Facial recognition could soon provide farmers with updates on the health of their livestock, thanks to an Irish computer company.
Cainthus said farmers could install surveillance cameras in paddocks to help monitor cow feeding patterns. By using facial recognition, farmers and vets will be able to track a cow's food and drink intake, body temperature and behaviour.
The combined analytics can lead to higher milk yields, safer reproduction and better health for the cows, said the company.
With an investment by US company Cargill, Cainthus announced on Wednesday (31 January) that the technology will be tested this year. President and co-founder of Cainthus, David Hunt, said the deal with Cargill would be a "game changer" for farmers.
"We are enthused about what this partnership will mean for farmers across the world," Hunt said, according to the Irish Times.
"Cargill is a natural partner for us, given their focus on bringing a world-class digital capability to the market and their understanding of how technology will truly help farmers succeed.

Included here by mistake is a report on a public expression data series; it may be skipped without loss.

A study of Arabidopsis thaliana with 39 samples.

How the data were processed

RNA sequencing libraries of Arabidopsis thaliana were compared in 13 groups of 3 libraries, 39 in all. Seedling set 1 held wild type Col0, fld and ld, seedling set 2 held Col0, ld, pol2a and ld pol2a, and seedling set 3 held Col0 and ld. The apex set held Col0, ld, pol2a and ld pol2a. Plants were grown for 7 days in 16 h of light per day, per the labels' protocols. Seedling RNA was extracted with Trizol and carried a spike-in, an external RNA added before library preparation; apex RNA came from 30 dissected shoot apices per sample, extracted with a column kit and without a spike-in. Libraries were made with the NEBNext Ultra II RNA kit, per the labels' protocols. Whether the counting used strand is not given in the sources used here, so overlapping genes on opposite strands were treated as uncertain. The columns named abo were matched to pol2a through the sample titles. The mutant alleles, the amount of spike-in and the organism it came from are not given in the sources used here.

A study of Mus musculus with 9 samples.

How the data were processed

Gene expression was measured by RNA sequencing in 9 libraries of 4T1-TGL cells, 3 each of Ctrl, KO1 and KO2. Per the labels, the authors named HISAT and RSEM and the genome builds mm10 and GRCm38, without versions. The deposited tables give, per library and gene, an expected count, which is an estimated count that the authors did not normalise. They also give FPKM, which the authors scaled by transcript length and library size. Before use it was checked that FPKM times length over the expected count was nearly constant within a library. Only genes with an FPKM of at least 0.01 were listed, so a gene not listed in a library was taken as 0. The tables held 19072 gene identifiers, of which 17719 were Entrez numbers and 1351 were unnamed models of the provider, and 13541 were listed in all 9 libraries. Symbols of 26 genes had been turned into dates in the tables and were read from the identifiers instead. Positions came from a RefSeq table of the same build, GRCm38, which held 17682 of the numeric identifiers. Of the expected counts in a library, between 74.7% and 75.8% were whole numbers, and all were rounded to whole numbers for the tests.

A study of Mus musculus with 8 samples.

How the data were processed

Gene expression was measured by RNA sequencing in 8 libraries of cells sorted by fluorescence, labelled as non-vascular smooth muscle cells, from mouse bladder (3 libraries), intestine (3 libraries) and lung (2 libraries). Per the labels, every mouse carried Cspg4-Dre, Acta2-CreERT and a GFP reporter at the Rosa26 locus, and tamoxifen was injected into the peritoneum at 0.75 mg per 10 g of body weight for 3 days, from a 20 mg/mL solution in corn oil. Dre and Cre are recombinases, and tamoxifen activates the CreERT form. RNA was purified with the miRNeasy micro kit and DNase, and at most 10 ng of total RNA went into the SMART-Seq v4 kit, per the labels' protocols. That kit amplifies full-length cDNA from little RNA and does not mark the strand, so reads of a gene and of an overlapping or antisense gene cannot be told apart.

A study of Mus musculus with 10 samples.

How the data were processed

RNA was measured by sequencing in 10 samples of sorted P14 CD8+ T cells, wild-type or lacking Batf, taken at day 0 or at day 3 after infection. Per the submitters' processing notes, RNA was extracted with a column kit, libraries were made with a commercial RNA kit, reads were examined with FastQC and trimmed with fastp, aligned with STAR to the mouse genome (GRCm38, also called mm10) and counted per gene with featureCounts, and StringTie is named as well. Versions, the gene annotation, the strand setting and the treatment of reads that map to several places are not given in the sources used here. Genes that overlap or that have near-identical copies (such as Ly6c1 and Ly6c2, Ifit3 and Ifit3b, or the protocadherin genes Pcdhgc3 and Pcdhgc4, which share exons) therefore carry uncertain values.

"We think this partnership will be a game changer for farmers because it will allow them to efficiently scale their business."
Cargill managing director Sri Raj Kantamneni said the companies "shared a vision".
"Our customers' ability to make proactive and predictive decisions to improve their farm's efficiency, enhance animal health and wellbeing, reduce animal loss, and ultimately increase farm profitability are significantly enhanced with this technology," Kantamneni said.
Facial recognition was rolled out on the iPhone X last year and has had its embarrassing moments. Although a cow unlocking your iPhone may still be a while off (if ever), Apple is always adding to the list of animojis.
Who knows, farmers may one day be using facial recognition to unlock their phones and run their farms.